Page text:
Pension Plan Hike Would Have “Massive Impact” On Small Businesses in Canada

The Canadian Federation of Independent Businesses (CFIB) is firing back after Prince Edward Island Finance Minister Wes Sheridan proposed increases to Canadian Pension Plan (CPP) contributions.

Sheridan’s proposal is meant to boost the retirement benefits for the middle class to a maximum annual benefit would increase to $23,400 from $12,150.

Today the CFIB said that such changes could have a “massive impact” on small businesses in Canada.

“CFIB’s research found that earlier proposals to increase CPP/QPP premiums would kill between 700,000 and 1.2 million person years of employment.  While we will review PEI’s proposal carefully, the hike in premiums would likely have a massive impact on small businesses and their ability to create or even retain jobs,” said the CFIB’s Dan Kelly.  “Small firms believe that the economy cannot manage a significant increase in payroll taxes – and that governments should be focusing on ensuring public sector pensions are sustainable and fair before looking at ways to hike taxes on employers and employees.”

The CFIB has led a multi-year campaign against CPP/QPP premium hikes after Canada’s finance ministers first proposed an increase in the summer of 2010.  CFIB has collected over 30,000 signed petitions from small business owners and thousands of Canadians have signed an online petition to oppose the idea over the past several months.  The Federation’s efforts are focused on the upcoming meeting of finance ministers in December, which may decide on future CPP expansion.

Not everyone would qualify for the maximum annual benefit, rather only those who earn over $102,000 per year. The increase is meant to increase the savings rates of middle-income Canadians who earn less than six figures.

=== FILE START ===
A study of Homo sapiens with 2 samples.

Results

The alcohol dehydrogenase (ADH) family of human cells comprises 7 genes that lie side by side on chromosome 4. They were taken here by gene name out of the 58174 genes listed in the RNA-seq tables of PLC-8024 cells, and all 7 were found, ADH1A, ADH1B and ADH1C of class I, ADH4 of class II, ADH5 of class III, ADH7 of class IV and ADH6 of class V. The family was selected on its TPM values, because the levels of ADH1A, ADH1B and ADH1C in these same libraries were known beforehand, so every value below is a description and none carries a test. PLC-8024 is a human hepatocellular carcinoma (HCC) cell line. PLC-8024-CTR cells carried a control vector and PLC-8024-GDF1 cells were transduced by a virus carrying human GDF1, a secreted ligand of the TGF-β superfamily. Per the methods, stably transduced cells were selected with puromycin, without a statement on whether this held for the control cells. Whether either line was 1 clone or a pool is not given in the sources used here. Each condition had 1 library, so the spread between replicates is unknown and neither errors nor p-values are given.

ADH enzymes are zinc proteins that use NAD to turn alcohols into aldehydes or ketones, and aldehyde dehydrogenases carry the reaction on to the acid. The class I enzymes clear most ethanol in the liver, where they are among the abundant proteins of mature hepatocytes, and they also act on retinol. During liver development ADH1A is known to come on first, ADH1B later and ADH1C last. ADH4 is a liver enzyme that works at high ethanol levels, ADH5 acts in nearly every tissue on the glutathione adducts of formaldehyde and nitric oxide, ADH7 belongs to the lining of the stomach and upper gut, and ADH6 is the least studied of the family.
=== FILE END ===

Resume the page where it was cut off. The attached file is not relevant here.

“Where the real dangers lie is with the middle-income earners,” Sheridan told the Globe and Mail in an interview. “I think it should be a conversation that is had across the country.”

Federal finance minister Jim Flahery has shied away from approving such measures during an improving yet less-than-stellar economic climate in Canada. The CPP is shared between the federal and provincial governments. Moreover, reports indicate that too many Canadians aren’t saving enough for their retirement.

It’s a teeter-totter like scenario: on one hand a chunk of Canada’s aging population struggles with post-retirement savings. On the other hand, the small business community is emphasizing that a sure way to propel the nation economically is to support its smaller companies. Particularly, by not levying higher taxes on them.

Indeed, Federal Minister of State Kevin Sorenson said in a statement that CPP reforms “continue to be examined by ourselves and provincial governments, but we share the concerns of small business, employees and some provinces of increasing costs during a fragile global recovery.”